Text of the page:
Author Jennifer Arnold couldn't say it all in her first book, "Through a Dog's Eyes," so she wrote a second book, "In a Dog's Heart" (Spiegel and Grau, New York, NY, 2011; $25). In the new book, she focuses a lot on the connection we can develop with our dogs, and how unwavering and absolute that bond can be — although scientists don't completely understand how.
Arnold also expresses distress about the way some people are training their dogs.
"I'll come right out and tell you, because I do it in the book," Arnold said by phone from Milton, Ga. "Cesar Millan and those punitive methods — I've been criticized for calling him out, but he represents a movement that has been tremendously damaging to dogs and relationships."
Arnold points out that dogs are decidedly not wolves, as Millan suggests. They're also not pack animals. Even in Third World countries where stray dogs travel together, they don't hunt cooperatively, as some wolf species or lions do.
And dogs that travel together don't seem to struggle to determine who's "dominant" at every turn; the dominant dog often varies, depending on context.
"In any case, dogs know that we are not dogs," Arnold added. "There's no point in acting dominant (toward) them."
She begins to laugh.
"Do you really think that by holding a dog by the scruff of the neck or rolling a dog over, the dog then thinks, 'Oh, now I'll listen because that's what my mother would do?' It doesn't make any sense, but people are buying into this," Arnold said.
"All this demonstrates is that people are unpredictable, or at least you are unpredictable — and a reactive dog or a dog stuck in a fight-or -flight situation may bite. Dogs are then destroyed as a result."
Some argue that there are different methods to train dogs, and depending on the individual dog and personal preferences of the owners, there's really no right or wrong technique.
Arnold paused for a moment — instead of uttering a word which may not be suitable for a family audience —and simply responded: "There is right from wrong. Just follow the science, if not your heart. If every veterinary behaviorist on the planet says a particular approach is dangerous, it probably is.
"Besides," she added, "why in the world would you want to set up an adversarial relationship with your dog?"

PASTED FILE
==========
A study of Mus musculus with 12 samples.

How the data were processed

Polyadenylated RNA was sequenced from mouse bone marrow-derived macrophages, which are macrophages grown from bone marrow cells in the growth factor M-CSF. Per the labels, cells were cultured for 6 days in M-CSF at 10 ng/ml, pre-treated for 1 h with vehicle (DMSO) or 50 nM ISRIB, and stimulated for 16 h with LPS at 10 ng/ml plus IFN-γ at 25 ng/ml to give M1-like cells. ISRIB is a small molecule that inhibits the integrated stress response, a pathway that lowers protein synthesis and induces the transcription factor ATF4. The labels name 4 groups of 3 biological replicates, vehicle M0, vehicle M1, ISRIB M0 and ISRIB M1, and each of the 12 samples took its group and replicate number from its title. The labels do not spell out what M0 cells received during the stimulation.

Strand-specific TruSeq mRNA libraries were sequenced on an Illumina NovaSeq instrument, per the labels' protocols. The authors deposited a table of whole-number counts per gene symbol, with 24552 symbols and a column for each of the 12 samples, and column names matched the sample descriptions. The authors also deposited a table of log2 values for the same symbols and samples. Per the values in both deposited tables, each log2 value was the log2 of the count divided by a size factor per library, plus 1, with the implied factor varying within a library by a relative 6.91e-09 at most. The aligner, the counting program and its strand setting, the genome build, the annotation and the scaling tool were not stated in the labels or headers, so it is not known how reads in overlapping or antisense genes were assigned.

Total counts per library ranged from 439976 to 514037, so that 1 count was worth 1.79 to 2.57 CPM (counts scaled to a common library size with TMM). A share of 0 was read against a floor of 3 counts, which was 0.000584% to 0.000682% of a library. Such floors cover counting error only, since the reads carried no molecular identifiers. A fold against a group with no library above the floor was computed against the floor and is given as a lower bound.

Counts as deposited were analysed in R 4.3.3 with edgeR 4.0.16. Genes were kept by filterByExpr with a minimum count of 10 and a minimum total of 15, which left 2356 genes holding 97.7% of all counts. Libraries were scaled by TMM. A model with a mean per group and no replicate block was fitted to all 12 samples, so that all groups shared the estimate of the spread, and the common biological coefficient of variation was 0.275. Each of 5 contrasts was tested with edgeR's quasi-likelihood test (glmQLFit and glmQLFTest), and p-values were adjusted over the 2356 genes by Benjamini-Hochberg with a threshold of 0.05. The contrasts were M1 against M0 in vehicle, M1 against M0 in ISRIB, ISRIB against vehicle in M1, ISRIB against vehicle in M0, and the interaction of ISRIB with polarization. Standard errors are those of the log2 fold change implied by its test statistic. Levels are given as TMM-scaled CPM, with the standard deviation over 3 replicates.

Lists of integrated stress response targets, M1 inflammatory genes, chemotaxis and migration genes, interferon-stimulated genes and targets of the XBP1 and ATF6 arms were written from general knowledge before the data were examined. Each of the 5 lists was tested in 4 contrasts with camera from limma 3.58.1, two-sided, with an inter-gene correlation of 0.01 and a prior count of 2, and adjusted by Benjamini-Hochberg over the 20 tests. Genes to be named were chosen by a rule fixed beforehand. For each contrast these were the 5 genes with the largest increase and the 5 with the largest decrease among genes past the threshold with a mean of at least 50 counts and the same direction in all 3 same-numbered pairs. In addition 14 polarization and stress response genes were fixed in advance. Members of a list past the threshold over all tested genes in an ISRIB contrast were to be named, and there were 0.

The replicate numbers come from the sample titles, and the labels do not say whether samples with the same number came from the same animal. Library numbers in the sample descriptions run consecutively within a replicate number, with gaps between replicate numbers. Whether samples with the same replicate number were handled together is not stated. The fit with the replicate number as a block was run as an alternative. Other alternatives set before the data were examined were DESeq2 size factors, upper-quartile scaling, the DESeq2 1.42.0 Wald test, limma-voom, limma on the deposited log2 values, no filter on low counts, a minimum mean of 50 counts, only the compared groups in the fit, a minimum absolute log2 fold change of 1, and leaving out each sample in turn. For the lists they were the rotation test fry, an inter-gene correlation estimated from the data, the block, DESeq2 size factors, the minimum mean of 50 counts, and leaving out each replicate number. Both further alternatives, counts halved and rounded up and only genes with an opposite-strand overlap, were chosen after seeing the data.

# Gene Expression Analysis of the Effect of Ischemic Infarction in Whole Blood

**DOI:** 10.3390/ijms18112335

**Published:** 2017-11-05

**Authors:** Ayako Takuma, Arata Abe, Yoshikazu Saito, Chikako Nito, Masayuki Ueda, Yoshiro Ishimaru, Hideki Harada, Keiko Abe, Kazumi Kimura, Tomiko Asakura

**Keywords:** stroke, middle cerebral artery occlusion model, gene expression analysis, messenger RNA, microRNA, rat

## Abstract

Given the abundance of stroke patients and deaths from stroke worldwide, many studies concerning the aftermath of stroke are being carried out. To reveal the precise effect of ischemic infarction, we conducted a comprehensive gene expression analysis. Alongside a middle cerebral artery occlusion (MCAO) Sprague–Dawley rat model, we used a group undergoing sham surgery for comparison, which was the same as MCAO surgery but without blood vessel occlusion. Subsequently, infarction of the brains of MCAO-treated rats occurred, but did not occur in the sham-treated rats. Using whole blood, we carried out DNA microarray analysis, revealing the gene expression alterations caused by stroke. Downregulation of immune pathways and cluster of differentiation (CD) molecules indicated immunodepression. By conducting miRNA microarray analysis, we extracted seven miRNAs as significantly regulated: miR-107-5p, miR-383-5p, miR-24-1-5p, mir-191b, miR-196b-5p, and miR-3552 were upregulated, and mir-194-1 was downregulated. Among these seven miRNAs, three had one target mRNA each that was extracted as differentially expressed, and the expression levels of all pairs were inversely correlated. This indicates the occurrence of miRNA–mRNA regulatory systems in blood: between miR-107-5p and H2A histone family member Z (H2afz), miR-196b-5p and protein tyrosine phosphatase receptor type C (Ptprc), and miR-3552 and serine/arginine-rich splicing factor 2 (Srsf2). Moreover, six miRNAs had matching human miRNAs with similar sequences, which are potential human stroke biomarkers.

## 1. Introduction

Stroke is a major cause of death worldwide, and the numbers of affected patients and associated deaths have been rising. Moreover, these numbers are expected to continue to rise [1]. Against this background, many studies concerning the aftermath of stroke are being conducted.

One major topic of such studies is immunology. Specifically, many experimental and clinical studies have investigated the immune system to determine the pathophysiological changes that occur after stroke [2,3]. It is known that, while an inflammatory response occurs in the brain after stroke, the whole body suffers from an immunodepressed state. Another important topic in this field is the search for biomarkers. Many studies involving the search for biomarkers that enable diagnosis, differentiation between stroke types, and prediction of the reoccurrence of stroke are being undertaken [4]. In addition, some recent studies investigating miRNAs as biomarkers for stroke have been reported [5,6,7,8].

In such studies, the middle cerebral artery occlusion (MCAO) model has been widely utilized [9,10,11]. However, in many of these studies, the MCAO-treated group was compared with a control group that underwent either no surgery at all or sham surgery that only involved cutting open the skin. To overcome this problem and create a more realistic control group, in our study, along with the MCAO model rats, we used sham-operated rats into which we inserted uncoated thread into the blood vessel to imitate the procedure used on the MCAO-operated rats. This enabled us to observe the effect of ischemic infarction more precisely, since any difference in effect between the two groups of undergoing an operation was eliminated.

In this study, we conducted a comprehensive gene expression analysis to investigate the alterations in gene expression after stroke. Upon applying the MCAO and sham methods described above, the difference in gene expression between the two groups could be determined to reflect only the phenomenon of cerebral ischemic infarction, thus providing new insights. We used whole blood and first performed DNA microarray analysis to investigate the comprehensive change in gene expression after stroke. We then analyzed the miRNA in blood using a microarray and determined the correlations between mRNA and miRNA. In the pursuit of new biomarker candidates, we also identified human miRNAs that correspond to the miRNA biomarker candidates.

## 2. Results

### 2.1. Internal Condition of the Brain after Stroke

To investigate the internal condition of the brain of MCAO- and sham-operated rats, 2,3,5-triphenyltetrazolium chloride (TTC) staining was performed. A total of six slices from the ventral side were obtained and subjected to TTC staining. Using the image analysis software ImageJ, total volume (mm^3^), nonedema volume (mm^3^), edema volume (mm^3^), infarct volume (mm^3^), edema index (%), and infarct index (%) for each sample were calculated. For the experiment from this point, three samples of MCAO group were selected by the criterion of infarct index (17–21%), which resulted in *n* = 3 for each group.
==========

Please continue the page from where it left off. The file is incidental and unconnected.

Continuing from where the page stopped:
Arnold founded Canine Assistants in 1980. The nonprofit Georgia center trains dogs to help people with physical and emotional needs, including those with limited mobility, epilepsy and diabetes. The facility was spotlighted in a 2010 PBS documentary.
Arnold had noticed that dogs placed with people who either had diabetes or later developed the disease soon learned — on their own — to detect diabetic highs or lows in their handlers. Arnold is now graduating her first "class" of dogs specifically trained to scent on a partner's breath for a diabetic high or low.
"These dogs could save lives," she said.
Indeed, many of the dogs graduating from Canine Assistants have already saved lives. Some are trained to help people with epilepsy remain safe if a seizure occurs. Most of these dogs learn — on their own — to actually predict such seizures and warn their handlers of an impending episode.
Arnold suspects this has to do with something the dogs are smelling. She said a researcher friend in Hungary believes the dogs are able to pick up on physical cues, even subtle ones.
"I don't think so," Arnold said, "because there are instances of dogs who are 100 yards away — and the person is out of sight — but still the dog runs into the room and signals that a seizure is about to happen."
So, how can dogs do that?
"That's it. I'm telling you, there's so much we don't know," Arnold said. "Dogs are willing to share; we just don't understand [them], at least not yet."